Will China move on North Korea?

“As close as lips and teeth” – but the historic relationship between the two is under strain

China’s President Xi has consolidated his power. His focus may now switch to the nuclear crisis.

How reliant is North Korea on China?

China is responsible for more than 80% of North Korea’s external trade. Most of its exports ($2.3bn of the $2.83bn total for 2015) go to China, although it also does business with India, Pakistan, Russia and Burkina Faso. Its largest export is coal, then textiles, and it also sells silver, wood products and processed fish internationally. Despite the latest sanctions, trade between China and North Korea grew by 3.7% in the first nine months of this year, although there have been reports of a slump recently.

How are relations between the two?

Not good. “The most derogatory expression I’ve ever heard President Xi Jinping use was his description of Kim Jong-un,” is how Max Baucus, the US’s former ambassador to China, put it to BBC Radio 4 in August. “He just does not like that man at all.” The Chinese leader’s contempt for Kim was probably only heightened when the North Korean despot conducted a nuclear test in September, triggering an earthquake that was detected in bordering Chinese regions.

The test overshadowed China’s preparations to host a summit of emerging economy leaders and was viewed as an insult. With the Communist Party Congress behind him and his domestic position supreme, there is speculation that Xi Jinping may now move to resolve the Korean peninsula’s simmering nuclear crisis once and for all.

Would that please the US?

Yes. Donald Trump has been pushing since his inauguration for China to use its economic leverage to bring Pyongyang to heel. Beijing has cooperated up to a point: it backed UN sanctions in September in response to recent nuclear tests and has imposed some trade and financial restrictions. Yet these measures are unlikely to threaten Kim’s regime and fall short of a full embargo. China has kept a crucial oil pipeline open and trade continues along the Yalu River border that divides the two countries.

Why is Beijing being cautious?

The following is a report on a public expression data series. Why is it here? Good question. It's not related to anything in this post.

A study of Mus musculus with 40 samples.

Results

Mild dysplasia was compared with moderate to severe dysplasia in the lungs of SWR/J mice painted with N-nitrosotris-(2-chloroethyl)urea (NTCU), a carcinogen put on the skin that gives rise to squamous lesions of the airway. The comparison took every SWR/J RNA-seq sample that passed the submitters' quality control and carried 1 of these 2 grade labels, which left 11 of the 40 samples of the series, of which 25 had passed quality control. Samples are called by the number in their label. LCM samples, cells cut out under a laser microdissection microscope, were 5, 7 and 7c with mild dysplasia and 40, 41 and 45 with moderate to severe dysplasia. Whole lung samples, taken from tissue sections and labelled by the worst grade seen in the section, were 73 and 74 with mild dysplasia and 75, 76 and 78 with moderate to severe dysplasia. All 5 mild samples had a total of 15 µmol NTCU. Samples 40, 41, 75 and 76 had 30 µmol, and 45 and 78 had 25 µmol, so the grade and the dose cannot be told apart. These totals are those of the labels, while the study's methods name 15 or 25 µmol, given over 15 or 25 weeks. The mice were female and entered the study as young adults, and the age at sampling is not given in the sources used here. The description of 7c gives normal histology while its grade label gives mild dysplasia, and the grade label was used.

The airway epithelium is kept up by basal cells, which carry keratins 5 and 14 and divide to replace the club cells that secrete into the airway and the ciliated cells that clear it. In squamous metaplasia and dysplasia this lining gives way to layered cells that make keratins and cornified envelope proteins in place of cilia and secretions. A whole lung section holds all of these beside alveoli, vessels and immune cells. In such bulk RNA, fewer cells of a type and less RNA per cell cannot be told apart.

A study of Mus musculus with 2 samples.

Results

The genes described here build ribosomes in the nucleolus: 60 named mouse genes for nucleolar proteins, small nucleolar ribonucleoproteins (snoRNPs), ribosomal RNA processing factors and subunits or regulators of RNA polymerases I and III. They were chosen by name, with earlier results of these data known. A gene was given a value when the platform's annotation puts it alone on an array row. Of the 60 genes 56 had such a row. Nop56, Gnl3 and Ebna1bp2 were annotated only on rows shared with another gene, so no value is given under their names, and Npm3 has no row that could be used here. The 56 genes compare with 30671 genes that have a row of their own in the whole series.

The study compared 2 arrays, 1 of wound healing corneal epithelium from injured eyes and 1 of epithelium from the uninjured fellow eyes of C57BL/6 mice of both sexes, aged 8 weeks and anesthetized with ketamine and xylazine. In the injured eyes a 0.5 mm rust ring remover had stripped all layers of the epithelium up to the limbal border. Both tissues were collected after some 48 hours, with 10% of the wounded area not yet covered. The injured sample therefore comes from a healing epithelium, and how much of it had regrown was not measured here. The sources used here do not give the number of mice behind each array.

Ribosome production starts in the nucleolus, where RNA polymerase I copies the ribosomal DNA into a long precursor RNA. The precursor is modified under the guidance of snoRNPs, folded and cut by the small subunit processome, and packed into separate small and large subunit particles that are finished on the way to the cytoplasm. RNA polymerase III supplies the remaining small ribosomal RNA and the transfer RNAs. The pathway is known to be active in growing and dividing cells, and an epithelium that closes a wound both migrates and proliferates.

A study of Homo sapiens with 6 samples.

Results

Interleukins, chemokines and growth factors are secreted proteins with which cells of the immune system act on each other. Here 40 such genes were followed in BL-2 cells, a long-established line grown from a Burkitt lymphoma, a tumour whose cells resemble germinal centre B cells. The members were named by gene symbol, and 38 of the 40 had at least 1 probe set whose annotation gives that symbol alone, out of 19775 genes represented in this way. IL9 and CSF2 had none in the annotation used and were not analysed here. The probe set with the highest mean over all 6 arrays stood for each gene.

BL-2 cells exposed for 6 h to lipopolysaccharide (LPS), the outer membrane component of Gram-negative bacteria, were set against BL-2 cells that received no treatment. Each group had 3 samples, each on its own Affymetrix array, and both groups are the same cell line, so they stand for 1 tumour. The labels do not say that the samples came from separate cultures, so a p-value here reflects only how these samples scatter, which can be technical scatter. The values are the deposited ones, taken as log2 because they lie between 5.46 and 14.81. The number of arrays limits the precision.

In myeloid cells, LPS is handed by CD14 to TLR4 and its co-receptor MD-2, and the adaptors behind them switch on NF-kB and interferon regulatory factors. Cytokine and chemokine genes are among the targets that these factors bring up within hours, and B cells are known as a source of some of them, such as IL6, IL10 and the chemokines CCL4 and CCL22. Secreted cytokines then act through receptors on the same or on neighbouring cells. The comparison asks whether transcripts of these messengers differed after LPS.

China’s leadership is reluctant to go too far in case Kim’s regime collapses, triggering a humanitarian and refugee crisis on China’s doorstep. Many in Beijing are also wary of the strategic costs of undermining a traditional ally, especially if it means it ends up sharing a border with a unified, pro-US Korea.

“If a North Korean nuclear capability puts pressure on the future of US alliances in Asia, then that’s a problem for the US, it’s not a problem for China,” as former Australian prime minister Kevin Rudd told an audience in Stockholm earlier this year. And ideologically, some in the Communist party regard China and North Korea as fellow socialist states with the US as a common enemy.

So there won’t be a crackdown?

China’s leadership appears to be genuinely split on the issue, reports The Australian’s Rowan Callick. “A bitter online debate” has emerged, pitting pro-Kim “leftists” against those who view “North Korea’s nuclear programme as a threat to China’s security” because it increases the risk that South Korea and Japan will also seek nuclear weapons – not to mention the risk that the North’s tests could lead to nuclear fallout landing in China.

However, what’s “almost as interesting” as the debate itself is the fact that it “was allowed to emerge by the authorities” at all, says Callick. Beijing seems to be warning Pyongyang not to take its support for granted.

Why does China support the North?

Chinese and North Korean propaganda used to describe the two as being “as close as lips and teeth”. Mao’s China intervened on the North’s side during the Korean War (1950-1953), losing more than 100,000 soldiers to defend the regime against a UN force that included Britain. Yet during the Cold War, Kim’s grandfather, Kim Il-sung, used to play his Chinese allies off against the Soviets to extract concessions, and there are signs that little has changed.

Is China’s leverage overestimated?

Yes, argue many in the Chinese elite. “If China were to abandon all its economic links, North Korea would still not abandon nuclear weapons,” Shen Dingli, professor of international relations at Shanghai’s Fudan University, told The Atlantic in June. And Beijing’s own relations with Pyongyang seem to be at a low ebb.

A Chinese military source claimed in July that the People’s Liberation Army currently has “zero contact” with its North Korean counterpart. Others note that the
North Koreans feel they have a rational interest in pressing ahead with the weapons programme regardless: “Gaddafi gave up the bomb and lost his head. Saddam was toppled because he did not have it,” as the BBC’s Stephen Evans puts it.

North Korea’s own state media declares that: “history proves that powerful nuclear deterrence serves as the strongest treasured sword for frustrating outsiders’ aggression”. So China’s influence may be more limited than Trump thinks. Indeed, the president may need to look to another controversial power for help. “If you look at all the major players,” foreign-policy expert Suzanne DiMaggio tells the Associated Press, “the only one with a working relationship with Pyongyang is Moscow.”